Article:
Master of Science in Electrical Engineering (MSEE)
Electrical and Computer Engineering
First Committee Member
Russel J. Baker
Second Committee Member
Third Committee Member
Fourth Committee Member
Peter A. Stubberud
Number of Pages
Analog-to-digital converters are critically important in electronic systems. The
difficulty in meeting high performance parameters increases as integrated circuit design
process technologies advance into the deep nanometer region. Sigma-delta analog-todigital
converters are an attractive option to fulfill many data converter requirements.
These data converters offer high performance while relaxing requirements on the precision
of components within an integrated circuit. Despite this, the active integrators found within
sigma-delta analog-to-digital converters present two main challenges. These challenges are
the power consumption of the active amplifier and achieving gain-bandwidth necessary for
sigma-delta data converters in deep nanometer process technologies. Both of these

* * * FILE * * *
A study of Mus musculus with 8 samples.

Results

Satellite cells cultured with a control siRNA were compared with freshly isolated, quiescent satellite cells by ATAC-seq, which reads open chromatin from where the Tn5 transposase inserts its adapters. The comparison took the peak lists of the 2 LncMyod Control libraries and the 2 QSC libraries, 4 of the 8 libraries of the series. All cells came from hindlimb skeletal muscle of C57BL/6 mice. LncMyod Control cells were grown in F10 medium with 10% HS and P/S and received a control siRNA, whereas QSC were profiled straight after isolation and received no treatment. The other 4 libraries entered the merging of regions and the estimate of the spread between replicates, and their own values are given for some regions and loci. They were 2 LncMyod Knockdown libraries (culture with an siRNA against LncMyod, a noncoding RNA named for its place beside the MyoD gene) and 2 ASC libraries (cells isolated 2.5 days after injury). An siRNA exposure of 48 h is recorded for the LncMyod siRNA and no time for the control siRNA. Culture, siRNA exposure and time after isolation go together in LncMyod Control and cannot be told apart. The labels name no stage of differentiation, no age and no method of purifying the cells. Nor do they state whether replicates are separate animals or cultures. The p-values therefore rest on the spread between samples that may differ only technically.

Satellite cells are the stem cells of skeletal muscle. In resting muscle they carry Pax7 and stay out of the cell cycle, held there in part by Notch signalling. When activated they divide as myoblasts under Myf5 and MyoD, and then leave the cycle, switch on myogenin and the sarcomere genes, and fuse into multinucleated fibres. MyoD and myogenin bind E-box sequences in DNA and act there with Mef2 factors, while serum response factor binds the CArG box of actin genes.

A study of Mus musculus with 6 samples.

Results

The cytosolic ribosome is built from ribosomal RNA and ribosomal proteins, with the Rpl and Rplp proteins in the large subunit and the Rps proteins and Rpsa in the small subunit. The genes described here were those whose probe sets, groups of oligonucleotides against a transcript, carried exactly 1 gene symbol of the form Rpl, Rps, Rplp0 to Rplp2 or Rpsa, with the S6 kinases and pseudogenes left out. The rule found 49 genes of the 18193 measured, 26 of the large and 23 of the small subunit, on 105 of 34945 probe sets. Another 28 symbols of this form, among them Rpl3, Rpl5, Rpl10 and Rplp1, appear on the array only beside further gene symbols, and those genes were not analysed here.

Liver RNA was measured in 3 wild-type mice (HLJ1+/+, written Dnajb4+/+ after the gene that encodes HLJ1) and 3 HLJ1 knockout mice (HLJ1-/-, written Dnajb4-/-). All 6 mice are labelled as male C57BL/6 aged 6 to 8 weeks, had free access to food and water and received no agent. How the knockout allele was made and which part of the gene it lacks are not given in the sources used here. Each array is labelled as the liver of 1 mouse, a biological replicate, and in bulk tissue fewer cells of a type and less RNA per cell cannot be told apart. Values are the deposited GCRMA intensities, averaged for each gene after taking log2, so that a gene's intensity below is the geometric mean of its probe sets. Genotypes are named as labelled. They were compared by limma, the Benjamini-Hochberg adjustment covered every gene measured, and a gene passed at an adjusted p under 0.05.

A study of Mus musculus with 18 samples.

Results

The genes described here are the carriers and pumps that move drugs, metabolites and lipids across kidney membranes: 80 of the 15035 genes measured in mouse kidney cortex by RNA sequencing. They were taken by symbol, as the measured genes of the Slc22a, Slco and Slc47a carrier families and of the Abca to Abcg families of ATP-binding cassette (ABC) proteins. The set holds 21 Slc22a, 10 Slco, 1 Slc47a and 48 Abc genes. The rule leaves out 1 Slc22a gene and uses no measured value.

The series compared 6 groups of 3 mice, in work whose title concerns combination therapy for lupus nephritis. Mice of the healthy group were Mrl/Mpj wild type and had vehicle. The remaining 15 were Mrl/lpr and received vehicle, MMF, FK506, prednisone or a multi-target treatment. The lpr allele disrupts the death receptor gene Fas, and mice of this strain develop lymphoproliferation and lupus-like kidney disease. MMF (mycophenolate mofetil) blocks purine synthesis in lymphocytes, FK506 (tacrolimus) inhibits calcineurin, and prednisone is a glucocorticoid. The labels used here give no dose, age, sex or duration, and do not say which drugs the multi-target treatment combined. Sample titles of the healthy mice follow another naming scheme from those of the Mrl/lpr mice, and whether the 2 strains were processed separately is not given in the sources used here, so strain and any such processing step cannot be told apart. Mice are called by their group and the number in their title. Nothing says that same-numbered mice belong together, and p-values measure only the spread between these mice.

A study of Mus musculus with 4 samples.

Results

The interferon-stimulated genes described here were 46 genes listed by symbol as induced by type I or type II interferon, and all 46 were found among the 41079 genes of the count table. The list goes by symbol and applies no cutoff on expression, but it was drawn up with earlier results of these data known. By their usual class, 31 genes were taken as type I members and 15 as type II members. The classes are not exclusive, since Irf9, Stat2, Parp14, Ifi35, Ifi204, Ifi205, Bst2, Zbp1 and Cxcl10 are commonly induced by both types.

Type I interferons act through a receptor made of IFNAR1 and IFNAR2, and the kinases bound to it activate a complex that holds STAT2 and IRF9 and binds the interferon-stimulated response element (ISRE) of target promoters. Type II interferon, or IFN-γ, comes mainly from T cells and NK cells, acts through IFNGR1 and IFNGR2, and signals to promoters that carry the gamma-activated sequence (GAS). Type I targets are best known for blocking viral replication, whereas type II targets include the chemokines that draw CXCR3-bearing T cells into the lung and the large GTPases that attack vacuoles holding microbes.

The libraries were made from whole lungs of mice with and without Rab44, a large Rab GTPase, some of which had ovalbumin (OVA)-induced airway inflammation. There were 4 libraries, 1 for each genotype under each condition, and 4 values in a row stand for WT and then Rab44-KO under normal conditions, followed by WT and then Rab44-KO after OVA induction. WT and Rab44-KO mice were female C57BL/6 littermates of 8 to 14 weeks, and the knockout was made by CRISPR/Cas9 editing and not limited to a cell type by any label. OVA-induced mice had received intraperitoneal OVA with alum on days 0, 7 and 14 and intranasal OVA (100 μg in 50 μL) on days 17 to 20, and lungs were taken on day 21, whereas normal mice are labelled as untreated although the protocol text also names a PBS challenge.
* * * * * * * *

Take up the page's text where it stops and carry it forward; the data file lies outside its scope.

challenges can be resolved through the replacement of active integrators with passive
integrators at the expense of resolution.
Three passive sigma-delta topologies were examined and characterized in detail.
Two of these topologies were first-order and second-order noise shaping topologies. A new
passive topology was developed which was determined to be optimal in resolution
compared to the two traditional designs. This topology exhibits a first-order signal transfer
function and a second-order noise transfer function. A method for increasing resolution of
passive sigma-delta data converters despite inherent performance constraints was
Three example circuits were designed, fabricated and tested using On
Semiconductor’s C5 500 nanometer CMOS process. These designs were optimized for low
power and utilized memory sense amplifiers as quantizing elements. The first circuit, using
passive lumped on-chip elements for the noise shaping network achieved a power
consumption of 100 micro-watts and an effective resolution of 8-bits. The second circuit
replaced the lumped components with switched-capacitor elements and achieved a power
consumption of 6.75 micro-watts and an effective resolution of 9.3 bits. The third circuit
was designed as a case study for the application of the proposed topology to “K-delta-1-
sigma” modulators. This circuit achieved a power consumption of 10 milli-watts and an
effective resolution of 8.5 bits.
Analog; CMOS; Digital; Integrated Circuit; Mixed Signal; Semiconductor
Computer Engineering | Electrical and Computer Engineering | Nanoscience and Nanotechnology
Roy, Angsuman, "Design, Fabrication and Testing of Monolithic Low-Power Passive Sigma-Delta Analog-to-Digital Converters" (2016). UNLV Theses, Dissertations, Professional Papers, and Capstones. 2804.